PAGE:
DOE Human Genome Program Contractor-Grantee
55. IMAGEne 3.0: Clustering All Sequences Obtained from I.M.A.G.E. Clones
Peg Folta, Tom Kuczmarski, Tim Harsch, and Christa Prange
Lawrence Livermore National Laboratory, Livermore, CA 94550
To date over 1.9 million sequences have been submitted to GenBank from the 2.9 million available I.M.A.G.E.1 clones. This number will increase sharply due to the new Mammalian Gene Collection2 project. To maximize the value of this information, the IMAGEne3 product has been extended to group the human sequences into clusters that represent both known genes and "candidate genes". For known genes, clustering eliminates redundancy by providing the best representative clone for a gene. For clusters not associated with a known gene, the results provide evidence of a possible gene discovery.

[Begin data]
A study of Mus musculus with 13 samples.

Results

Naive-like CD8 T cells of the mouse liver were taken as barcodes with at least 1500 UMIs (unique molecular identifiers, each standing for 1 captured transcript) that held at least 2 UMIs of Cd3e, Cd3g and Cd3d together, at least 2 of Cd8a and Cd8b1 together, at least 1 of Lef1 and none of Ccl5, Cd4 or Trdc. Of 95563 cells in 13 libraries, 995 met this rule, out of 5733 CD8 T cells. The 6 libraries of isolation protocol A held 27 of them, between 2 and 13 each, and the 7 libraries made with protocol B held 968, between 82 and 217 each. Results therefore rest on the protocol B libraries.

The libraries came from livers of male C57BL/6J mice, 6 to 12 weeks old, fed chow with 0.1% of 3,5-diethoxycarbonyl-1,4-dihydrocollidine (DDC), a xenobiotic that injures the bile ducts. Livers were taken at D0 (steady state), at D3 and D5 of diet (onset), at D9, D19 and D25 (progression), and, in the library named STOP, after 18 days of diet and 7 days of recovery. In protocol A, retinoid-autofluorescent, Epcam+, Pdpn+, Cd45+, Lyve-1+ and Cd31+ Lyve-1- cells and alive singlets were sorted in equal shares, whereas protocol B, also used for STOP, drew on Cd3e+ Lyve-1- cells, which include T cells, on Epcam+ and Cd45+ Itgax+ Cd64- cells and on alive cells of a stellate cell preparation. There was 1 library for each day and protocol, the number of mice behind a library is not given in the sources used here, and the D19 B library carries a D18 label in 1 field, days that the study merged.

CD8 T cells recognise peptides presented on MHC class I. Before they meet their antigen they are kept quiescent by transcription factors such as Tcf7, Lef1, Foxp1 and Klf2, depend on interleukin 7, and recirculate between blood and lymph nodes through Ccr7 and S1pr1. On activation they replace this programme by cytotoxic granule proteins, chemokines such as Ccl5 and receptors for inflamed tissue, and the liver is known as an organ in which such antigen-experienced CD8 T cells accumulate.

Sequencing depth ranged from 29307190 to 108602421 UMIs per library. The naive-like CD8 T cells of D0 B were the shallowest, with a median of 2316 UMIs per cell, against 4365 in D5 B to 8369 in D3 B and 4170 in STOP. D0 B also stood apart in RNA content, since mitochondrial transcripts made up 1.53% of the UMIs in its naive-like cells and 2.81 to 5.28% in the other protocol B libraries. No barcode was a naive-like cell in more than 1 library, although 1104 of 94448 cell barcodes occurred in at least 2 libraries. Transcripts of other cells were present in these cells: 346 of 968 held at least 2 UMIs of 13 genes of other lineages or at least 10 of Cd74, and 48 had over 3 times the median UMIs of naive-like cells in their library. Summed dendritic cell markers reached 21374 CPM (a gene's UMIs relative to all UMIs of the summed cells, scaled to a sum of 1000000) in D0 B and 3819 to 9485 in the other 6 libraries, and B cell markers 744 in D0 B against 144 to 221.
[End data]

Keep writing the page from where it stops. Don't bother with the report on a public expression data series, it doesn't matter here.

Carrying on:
IMAGEne was first released to the public in 4/98 to provide the user community with known gene clusters of I.M.A.G.E. clones. Since then the product has undergone significant enhancements, including use of NCBI's RefSeq to base the known gene set, indication of sequence verified clones, repeat masking, enhanced error checking, and faster response times. Version 3.0 is the largest enhancement, which extends the functionality by forming clusters on clones not associated with known genes.
Clusters are formed by sequence similarity, clone membership, and internal I.M.A.G.E. project knowledge. The user can query the resulting cluster database and view the cluster members, ranked primarily by size, in a user-friendly Java-based display. Currently I.M.A.G.E. has clone representatives for 93% of the known genes. It defines 61,083 multi-member candidate gene clusters and over 236,000 singletons. By the conference date, IMAGEne 3.0 will be publicly available on the web.
This work was performed by LLNL under the auspices of U.S. DOE, Contract No. W-7405-Eng-48.